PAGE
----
When winter's through, the lightening days bring the season of the lightened rucksack - gradually the need to be armed to the teeth with crampons, ice axes, snow shovels and spare woolly hats to decorate your snowman are giving way to the warmer days when the heaviest item you're carrying might be a bottle of chilled wine to enjoy during a lazy hour or two by a felltop tarn in the sun.

Less weight means smaller rucksack capacity. You'll probably only be lugging 5kg of gear, so we're talking 20 to 30 litres sacks, perhaps 35 if you insist on hauling bulky waterproofs everywhere. A simple rucksack, barely more than a bag with shoulder straps, will easily carry such small loads.

Trouble is, these days such sacks are hard to find. Today's bells and whistle models look like miniature backpacking sacks, with frames, padded hipbelts and a plethora of webbing and buckles. These extra features add weight and complexity and don't make carrying small loads any more comfortable. Indeed, unless they fit properly they are less comfortable, especially those with curved frames and an air gap between your back and the sack, a design which transfers the weight to the base of the pack where pressure points can occur at either side of the small of the back. If they're a precise fit there's no problem, but as they usually only come in one size a precise fit is rare. The air gap is designed to keep your back dry but while it might disperse a little dampness it won't stop you sweating - you'll still have a wet back when you're working hard. The wind can whip through these gaps too, upsetting balance.

Some modern design features are worth having. Padded backs are comfortable and make packing rucksacks easier. Rucksacks shaped to follow the curves of your back are comfortable and, more importantly, very stable as they move with you rather than against you. You'll get a sweatier back than with a sack that is held away from you but I'd rather have comfort and stability. Hipbelts or waist straps stop the pack bouncing when moving fast and increase the stability without the need for excessive strap tightening.

The variety of back systems means it's important to try on rucksacks loaded, to check they are comfortable; if you feel pressure points or rubbing try another model.

You're going out for the day - you don't need to carry much, so it doesn't matter if your packed lunch ends up in a carrier bag, right? Wrong. That might be the extent of your kit requirements for a half-hour stroll from the car park, but there's a bit more to it than that if you want to enjoy a full day out in wild country.

You need something with space enough, not just for sarnies and a bottle or flask of drink, but your waterproofs, a spare jumper, hat and gloves, as well as a survival bag if you're heading into wild country. That takes up a bit more space than a carrier bag, so your ideal daysack will probably be in the 20 to 30 litre range - 35 max.

Smaller daysacks will have a soft back, in other words, no frame or stiffening. As you get up to the 30 litre end, you'll see sacks either with alloy staves or rigid plastic inserts to keep the back stiff. The bit that makes contact with your back wants enough padding to give you a comfortable fit, and protect you from any hard lumps you might have packed in the sack. Better quality sacks will have back panels allowing a degree of ventilation, either by channels between separate pads, or by open cell foam covered with a breathable mesh fabric.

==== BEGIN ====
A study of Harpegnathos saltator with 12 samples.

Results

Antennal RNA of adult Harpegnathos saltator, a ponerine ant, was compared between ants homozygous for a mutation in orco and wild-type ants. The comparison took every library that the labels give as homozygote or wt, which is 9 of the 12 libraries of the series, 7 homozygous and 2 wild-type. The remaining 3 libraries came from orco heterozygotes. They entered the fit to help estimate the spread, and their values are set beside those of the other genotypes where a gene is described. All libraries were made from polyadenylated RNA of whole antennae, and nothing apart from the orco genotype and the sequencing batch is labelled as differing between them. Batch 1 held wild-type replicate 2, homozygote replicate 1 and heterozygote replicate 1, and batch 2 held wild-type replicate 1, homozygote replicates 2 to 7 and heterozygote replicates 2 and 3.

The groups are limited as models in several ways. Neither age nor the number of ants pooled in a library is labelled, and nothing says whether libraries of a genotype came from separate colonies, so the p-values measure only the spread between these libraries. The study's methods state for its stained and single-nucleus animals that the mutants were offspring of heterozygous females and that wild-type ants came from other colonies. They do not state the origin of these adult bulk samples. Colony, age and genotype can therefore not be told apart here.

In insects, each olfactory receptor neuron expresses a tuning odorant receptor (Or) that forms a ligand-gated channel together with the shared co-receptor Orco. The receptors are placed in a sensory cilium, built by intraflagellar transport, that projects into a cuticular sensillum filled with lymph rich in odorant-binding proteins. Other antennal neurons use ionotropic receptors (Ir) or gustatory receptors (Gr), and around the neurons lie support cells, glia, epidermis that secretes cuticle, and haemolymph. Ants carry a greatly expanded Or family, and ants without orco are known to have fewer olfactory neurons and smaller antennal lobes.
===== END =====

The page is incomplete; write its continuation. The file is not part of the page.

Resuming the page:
Contact fabrics
Ideally, the back of the ruksack and underside of the shoulder straps need to be covered with a fabric which is reasonably soft. You may not be going shirtless, but other outdoors clothing won't necessarily take kindly to abrasion.

Not absolutely essential at this capacity, but the means to compartmentalise some of your kit, particularly smaller items, is not a bad thing. The variations are enormous, but pockets may be on the sides, front or lid. Invariably zip fastened, small side pockets are most efficient with curved zipped openings which run in a vertical plane - in other words, opening a panel in the side of the pocket rather than a lid at the top.

Waist strap
Smaller daysacks may not be provided with a waist strap - but they're a lot more common now on the larger models. They contribute a great deal to stability, particularly if you're picking your way over rough ground, or doing something daft like running! Also useful for attaching small belt loop items like a camera or binoculars in a pouch.

Profile straps
These are the straps which hold the lid down, usually secured with quick release buckles. Handy also for holding down items you might not have room for in the main body of the sack, or something you want quick access to, like a waterproof jacket.
Common to all rucksacks without zip fastened main compartments.

 A lid with one or two straps and buckles - these days invariably using quick release fasteners - is the norm. Access from the top of the sack is what most walkers look for, because it's easy to stand the sack on its base and rummage around for your lunch box. The alternative is a daysack with zip fastened front panel opening, often popular as well for more general use - shopping, school, etc.